Is it safe to run Windows Defragmentation (Defrag) tool on an Exchange server?

I noticed that the D drive on an exchange server was very defragmented (using the inbuilt standard Windows defragmentation tool). When I pressed analyse it showed a big block of red.

I thought I better check before running in case the defrag could cause some damage to exchange and reading around I am not sure I should actually risk running it.

I've determined there are three types of defrag related to Exchange.

Standard normal defrag- the tool we all know and love.
Online defrag - something that exchange does automatically daily I believe.
Offline defrag - run with caution and only when necessary. Requires downtime and risk associated.

I just want to run a simple defrag but even reading about this I'm have read that I should dismount the stores first (Something I'm not 100% sure how to do) and also I should just not bother risk running in on the drive where the exchange data is stored (which is the drive I want to defrag).

Can I get some expert opinions?

JohnGerhardtConnect With a Mentor Commented:
It is safe to do it..
but whether or not it woudl be worth it is another matter..
tigermattConnect With a Mentor Commented:


When it comes to Exchange, you can indeed run various types of defrag. The standard Windows tool will defragment the whole drive, whereas if you run an Exchange Offline Defragmentation, you will compact the store (reducing any excess whitespace which may be contained within it). Generally, the Exchange databases look after themselves through Online Defragmentation every day, so it is not necessary to defragment the Exchange databases regularly. In fact, I have only ever done it at one of my clients, where they have a large number of mailboxes being created and deleted, and build up a large amount of whitespace as a result.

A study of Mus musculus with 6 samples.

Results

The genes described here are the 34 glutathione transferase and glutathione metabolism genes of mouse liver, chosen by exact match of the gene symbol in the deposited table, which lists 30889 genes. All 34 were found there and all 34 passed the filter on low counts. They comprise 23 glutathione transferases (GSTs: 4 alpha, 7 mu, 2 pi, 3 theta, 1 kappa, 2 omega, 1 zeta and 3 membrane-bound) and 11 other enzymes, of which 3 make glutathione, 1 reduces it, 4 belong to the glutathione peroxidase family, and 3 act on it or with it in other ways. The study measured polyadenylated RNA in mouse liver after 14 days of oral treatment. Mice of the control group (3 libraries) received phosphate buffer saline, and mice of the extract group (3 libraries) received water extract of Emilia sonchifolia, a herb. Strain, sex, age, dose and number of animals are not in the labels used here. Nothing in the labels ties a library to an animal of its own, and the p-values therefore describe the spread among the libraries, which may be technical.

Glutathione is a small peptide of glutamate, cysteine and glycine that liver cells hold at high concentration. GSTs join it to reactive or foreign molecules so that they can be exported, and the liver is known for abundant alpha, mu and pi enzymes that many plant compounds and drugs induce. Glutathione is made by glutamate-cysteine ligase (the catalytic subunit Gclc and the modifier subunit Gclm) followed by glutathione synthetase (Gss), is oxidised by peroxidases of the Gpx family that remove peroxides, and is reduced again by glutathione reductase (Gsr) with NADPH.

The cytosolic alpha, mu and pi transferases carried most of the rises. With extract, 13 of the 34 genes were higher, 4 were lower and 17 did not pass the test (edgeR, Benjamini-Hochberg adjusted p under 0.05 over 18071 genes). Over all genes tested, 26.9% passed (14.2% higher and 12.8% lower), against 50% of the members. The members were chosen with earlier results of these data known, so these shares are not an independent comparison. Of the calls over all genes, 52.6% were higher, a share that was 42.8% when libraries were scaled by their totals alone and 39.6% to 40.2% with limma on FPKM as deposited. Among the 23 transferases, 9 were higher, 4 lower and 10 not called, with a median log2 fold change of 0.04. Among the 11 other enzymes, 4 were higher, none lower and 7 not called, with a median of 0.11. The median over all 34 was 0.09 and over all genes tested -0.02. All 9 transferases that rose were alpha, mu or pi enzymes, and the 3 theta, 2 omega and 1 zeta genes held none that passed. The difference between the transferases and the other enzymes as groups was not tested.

If you want to defragment the Exchange Server's entire D: volume, there is no harm in doing this, but it is a good idea to dis-mount the Exchange databases before beginning the procedure. Failure to dis-mount the stores can result in poor disk I/O, preventing Exchange accessing the databases in a timely manner. There are some horror stories out there about if you don't dis-mount the stores, there is the potential for corruption in the Exchange databases during the defrag; it's unlikely, but a potential risk which can be avoided.

To dis-mount the stores, you have two options. The easiest is simply to Stop the 'Microsoft Exchange Information Store' service in the Control Panel, Administrative Tools, Services applet. This will instantly dis-mount all stores on the server. Alternatively, you can open Exchange System Manager, drill down to your server, it's storage group(s) and then right-click each store and choose 'Dismount Store'. Either way will work, but I like stopping the service since it does all the stores in one go. You can then start the defrag using the defragmentation tool. Once it is complete, re-mount the stores either by starting the Information Store service again, or by right-clicking each store in System Manager and choosing 'Mount Store'.

Net result of reading the second article is that I should not do it is the impression I get. Unless I can move the exchange stores somewhere else first.

Don't you think the same after readin the second article you posted.
Also am I right in thinking that "file system defragmentation" is the same as a Windows standard defrag tool?

afflik1923Author Commented:
When I said the second article I was referrig to:

Do you store anything else other than Exchange databases on the D: drive of that server? If you do, you will definitely benefit from running a file system defrag (yes, using the Windows standard dfrg.msc tool). You just need to dismount the stores before you begin, and provided the stores are dismounted there is very little loss to the data in the Exchange databases. Of course, whenever you defrag, there is the potential for data loss - if the power failed for example - but you should always have a good backup before defragmenting anyway.

If you just store the Exchange databases on the D: volume, and no transaction logs or other files, you may benefit from an Exchange Offline Defrag with eseutil /d, but as mentioned in the article a file system defrag is probably not necessary.

TYou are right the FS defrag is windows defrag.. And it is correct that the defrag its self wont do any harm.. But running it on an active server will probably affect the performance adversly...
afflik1923Author Commented:
Useful information. Despite everything I decided not to, or at least wait until I have time to sort things out should anything go wrong.